Feb 27
News
Ghana’s first Venice Biennale pavilion will be designed by David Adjaye.
John Akomfrah, Mimesis: Seven Ambiguities of Colonial Disenchantment, 2018, three channel HD color video installation, 7.1 sound, 73 minutes. © Smoking Dogs Films, courtesy Lisson Gallery.

John Akomfrah, Mimesis: Seven Ambiguities of Colonial Disenchantment, 2018, three channel HD color video installation, 7.1 sound, 73 minutes. © Smoking Dogs Films, courtesy Lisson Gallery.

Ghana is aiming to make a splash in its Venice Biennale debut this spring, with a group exhibition featuring art stars John Akomfrah, El Anatsui, and Lynette Yiadom-Boakye, in a pavilion designed by starchitect David Adjaye. The Ghana pavilion, curated by Nana Oforiatta Ayim (with 2015 Venice Biennale curator Okwui Enwezor serving as a “strategic advisor”), will be located at the Arsenale and will feature artists’ works installed in a series of connected elliptical spaces plastered with Ghanaian mud. In addition to Akomfrah, Yiadom-Boakye, and El Anatsui, the pavilion’s roster of artists from Ghana and of Ghanaian origin will include the sculptor Ibrahim Mahama, the photographer Felicia Abban, and a “video sculpture” by Selasi Awusi Sosu, per a press release.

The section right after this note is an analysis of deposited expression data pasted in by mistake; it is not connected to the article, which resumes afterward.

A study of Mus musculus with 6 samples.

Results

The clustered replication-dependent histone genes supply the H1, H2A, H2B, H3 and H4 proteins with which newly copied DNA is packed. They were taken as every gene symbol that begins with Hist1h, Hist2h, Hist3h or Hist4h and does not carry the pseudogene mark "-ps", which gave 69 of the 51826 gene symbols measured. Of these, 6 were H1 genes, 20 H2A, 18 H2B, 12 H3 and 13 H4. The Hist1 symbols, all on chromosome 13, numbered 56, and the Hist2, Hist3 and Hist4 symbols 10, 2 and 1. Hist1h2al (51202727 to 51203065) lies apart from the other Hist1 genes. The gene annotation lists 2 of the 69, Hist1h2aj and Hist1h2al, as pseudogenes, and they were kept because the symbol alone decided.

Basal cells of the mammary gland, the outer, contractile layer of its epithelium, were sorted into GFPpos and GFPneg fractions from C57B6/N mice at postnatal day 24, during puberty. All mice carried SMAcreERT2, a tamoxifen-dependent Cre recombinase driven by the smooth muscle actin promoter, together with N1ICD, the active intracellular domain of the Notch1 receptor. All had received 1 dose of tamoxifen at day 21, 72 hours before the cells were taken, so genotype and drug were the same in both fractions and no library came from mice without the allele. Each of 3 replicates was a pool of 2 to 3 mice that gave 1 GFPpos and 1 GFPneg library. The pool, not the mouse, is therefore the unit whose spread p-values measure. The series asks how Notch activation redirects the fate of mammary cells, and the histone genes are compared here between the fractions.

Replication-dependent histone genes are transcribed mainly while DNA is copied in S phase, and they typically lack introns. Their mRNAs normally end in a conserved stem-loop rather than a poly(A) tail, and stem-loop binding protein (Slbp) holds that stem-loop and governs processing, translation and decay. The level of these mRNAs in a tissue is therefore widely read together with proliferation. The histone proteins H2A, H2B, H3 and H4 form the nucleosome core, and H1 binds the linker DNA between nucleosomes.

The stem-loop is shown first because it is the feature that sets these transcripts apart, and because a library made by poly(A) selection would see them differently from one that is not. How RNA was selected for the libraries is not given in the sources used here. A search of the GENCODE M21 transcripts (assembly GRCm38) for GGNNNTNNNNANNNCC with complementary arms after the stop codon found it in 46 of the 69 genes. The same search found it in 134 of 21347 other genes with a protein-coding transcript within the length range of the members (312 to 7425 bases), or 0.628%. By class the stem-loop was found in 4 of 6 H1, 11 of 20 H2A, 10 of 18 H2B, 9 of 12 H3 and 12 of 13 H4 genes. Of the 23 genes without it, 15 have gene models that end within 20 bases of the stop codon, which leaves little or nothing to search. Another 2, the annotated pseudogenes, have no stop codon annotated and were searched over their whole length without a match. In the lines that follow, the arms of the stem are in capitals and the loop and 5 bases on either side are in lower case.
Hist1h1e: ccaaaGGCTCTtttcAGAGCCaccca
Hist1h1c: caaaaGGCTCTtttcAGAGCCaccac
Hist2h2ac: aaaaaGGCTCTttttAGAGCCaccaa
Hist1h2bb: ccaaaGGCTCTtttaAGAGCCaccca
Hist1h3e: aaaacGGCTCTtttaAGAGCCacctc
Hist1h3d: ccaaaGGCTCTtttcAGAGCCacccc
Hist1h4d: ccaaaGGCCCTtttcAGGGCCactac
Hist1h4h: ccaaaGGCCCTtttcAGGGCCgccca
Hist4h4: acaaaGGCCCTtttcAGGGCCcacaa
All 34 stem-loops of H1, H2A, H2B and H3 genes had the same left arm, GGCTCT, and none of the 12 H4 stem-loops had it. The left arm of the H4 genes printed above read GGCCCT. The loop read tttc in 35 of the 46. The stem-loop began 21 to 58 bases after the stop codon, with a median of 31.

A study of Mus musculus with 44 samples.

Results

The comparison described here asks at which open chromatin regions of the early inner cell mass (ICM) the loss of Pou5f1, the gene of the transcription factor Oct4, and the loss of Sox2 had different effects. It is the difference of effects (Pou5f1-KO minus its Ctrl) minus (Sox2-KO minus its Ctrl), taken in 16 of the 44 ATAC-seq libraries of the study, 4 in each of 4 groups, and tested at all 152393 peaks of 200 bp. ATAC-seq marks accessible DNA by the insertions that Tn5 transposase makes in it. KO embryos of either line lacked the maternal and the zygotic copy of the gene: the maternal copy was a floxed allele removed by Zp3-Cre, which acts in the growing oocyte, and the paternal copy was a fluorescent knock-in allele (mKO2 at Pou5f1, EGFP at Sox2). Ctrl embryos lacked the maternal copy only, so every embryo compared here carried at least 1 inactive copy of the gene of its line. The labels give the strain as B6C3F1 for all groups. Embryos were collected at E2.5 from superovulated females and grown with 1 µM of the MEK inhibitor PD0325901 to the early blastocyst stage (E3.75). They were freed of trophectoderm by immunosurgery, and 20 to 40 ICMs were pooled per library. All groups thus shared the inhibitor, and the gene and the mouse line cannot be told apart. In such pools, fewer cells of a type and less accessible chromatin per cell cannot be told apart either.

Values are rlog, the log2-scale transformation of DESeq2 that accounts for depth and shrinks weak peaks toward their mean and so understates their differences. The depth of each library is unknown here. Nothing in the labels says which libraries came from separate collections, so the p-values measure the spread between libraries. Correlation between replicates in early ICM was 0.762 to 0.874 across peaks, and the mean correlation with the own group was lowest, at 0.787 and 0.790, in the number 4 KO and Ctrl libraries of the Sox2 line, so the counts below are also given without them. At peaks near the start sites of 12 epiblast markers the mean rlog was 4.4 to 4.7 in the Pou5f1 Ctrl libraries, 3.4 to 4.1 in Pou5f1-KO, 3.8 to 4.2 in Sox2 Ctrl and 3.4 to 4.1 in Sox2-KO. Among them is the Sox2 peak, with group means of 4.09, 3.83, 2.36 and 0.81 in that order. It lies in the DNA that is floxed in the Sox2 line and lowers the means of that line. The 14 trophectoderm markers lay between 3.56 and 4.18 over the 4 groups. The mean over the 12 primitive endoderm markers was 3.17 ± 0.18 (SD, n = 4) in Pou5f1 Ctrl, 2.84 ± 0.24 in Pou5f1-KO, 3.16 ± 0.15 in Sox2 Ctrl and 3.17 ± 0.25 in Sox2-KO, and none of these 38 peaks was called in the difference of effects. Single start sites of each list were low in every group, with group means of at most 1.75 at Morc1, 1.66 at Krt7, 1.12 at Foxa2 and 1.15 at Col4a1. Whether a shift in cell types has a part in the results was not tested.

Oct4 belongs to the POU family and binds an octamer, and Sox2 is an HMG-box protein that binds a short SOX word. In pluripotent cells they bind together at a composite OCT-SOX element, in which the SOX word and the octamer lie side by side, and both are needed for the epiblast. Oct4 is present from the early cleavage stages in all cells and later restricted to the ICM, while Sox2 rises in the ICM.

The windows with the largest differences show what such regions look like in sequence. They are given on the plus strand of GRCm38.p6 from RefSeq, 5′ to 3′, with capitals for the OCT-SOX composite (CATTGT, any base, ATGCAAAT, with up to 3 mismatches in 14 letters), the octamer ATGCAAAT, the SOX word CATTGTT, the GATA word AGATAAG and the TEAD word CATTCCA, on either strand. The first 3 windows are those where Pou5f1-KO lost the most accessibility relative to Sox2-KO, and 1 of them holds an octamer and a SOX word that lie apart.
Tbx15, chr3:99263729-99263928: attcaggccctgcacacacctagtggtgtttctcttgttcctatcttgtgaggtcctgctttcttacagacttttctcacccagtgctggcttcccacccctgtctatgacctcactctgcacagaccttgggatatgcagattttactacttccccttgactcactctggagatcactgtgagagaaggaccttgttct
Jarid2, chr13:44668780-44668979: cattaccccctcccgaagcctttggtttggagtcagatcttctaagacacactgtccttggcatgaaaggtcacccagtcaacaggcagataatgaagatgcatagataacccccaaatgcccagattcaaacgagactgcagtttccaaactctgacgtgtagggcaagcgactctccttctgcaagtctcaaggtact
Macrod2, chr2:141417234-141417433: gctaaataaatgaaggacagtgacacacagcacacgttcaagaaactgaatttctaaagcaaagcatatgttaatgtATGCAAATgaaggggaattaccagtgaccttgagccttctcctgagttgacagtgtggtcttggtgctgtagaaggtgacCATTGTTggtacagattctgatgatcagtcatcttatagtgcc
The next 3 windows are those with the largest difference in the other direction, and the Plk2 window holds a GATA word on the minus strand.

Ibrahim Mahama, Non Orientable Paradise Lost 1667, Centro Cultural Banco do Brasil, Belo Horizonte, Brazil, 2017. Photo © Ibrahim Mahama, courtesy White Cube.

Ibrahim Mahama, Non Orientable Paradise Lost 1667, Centro Cultural Banco do Brasil, Belo Horizonte, Brazil, 2017. Photo © Ibrahim Mahama, courtesy White Cube.

In a statement, Ayim frames her vision for the Ghana pavilion in the context of the migrant crisis and ongoing efforts to repatriate African art, saying:

The conversation about nations is broadening in the face of issues of migrations; of us redefining our connections to our diasporas throughout our ‘year of return’; of discussing what it might mean to have our cultural objects returned, and how we thus might redefine ourselves in the world; and of finally moving out of the ‘postcolonial’ moment into one we have yet to envision.

After its run in Venice, the exhibition—officially titled “Ghana Freedom” after E.T. Mensah’s pro-independence anthem of 1957—will go on view in Accra. The 2019 Venice Biennale opens May 11 and runs through November 24. Ghana won’t be the only country making its debut at the “Olympics of the art world” this year; Pakistan has tapped artist Naiza H. Khan for its first-ever Venice Biennale pavilion.

Lynette Yiadom-Boakye, Radical Trysts, 2018, oil on linen. Courtesy Corvi-Mora, London and Jack Shainman Gallery, New York; photo © Marcus Leith.

Lynette Yiadom-Boakye, Radical Trysts, 2018, oil on linen. Courtesy Corvi-Mora, London and Jack Shainman Gallery, New York; photo © Marcus Leith.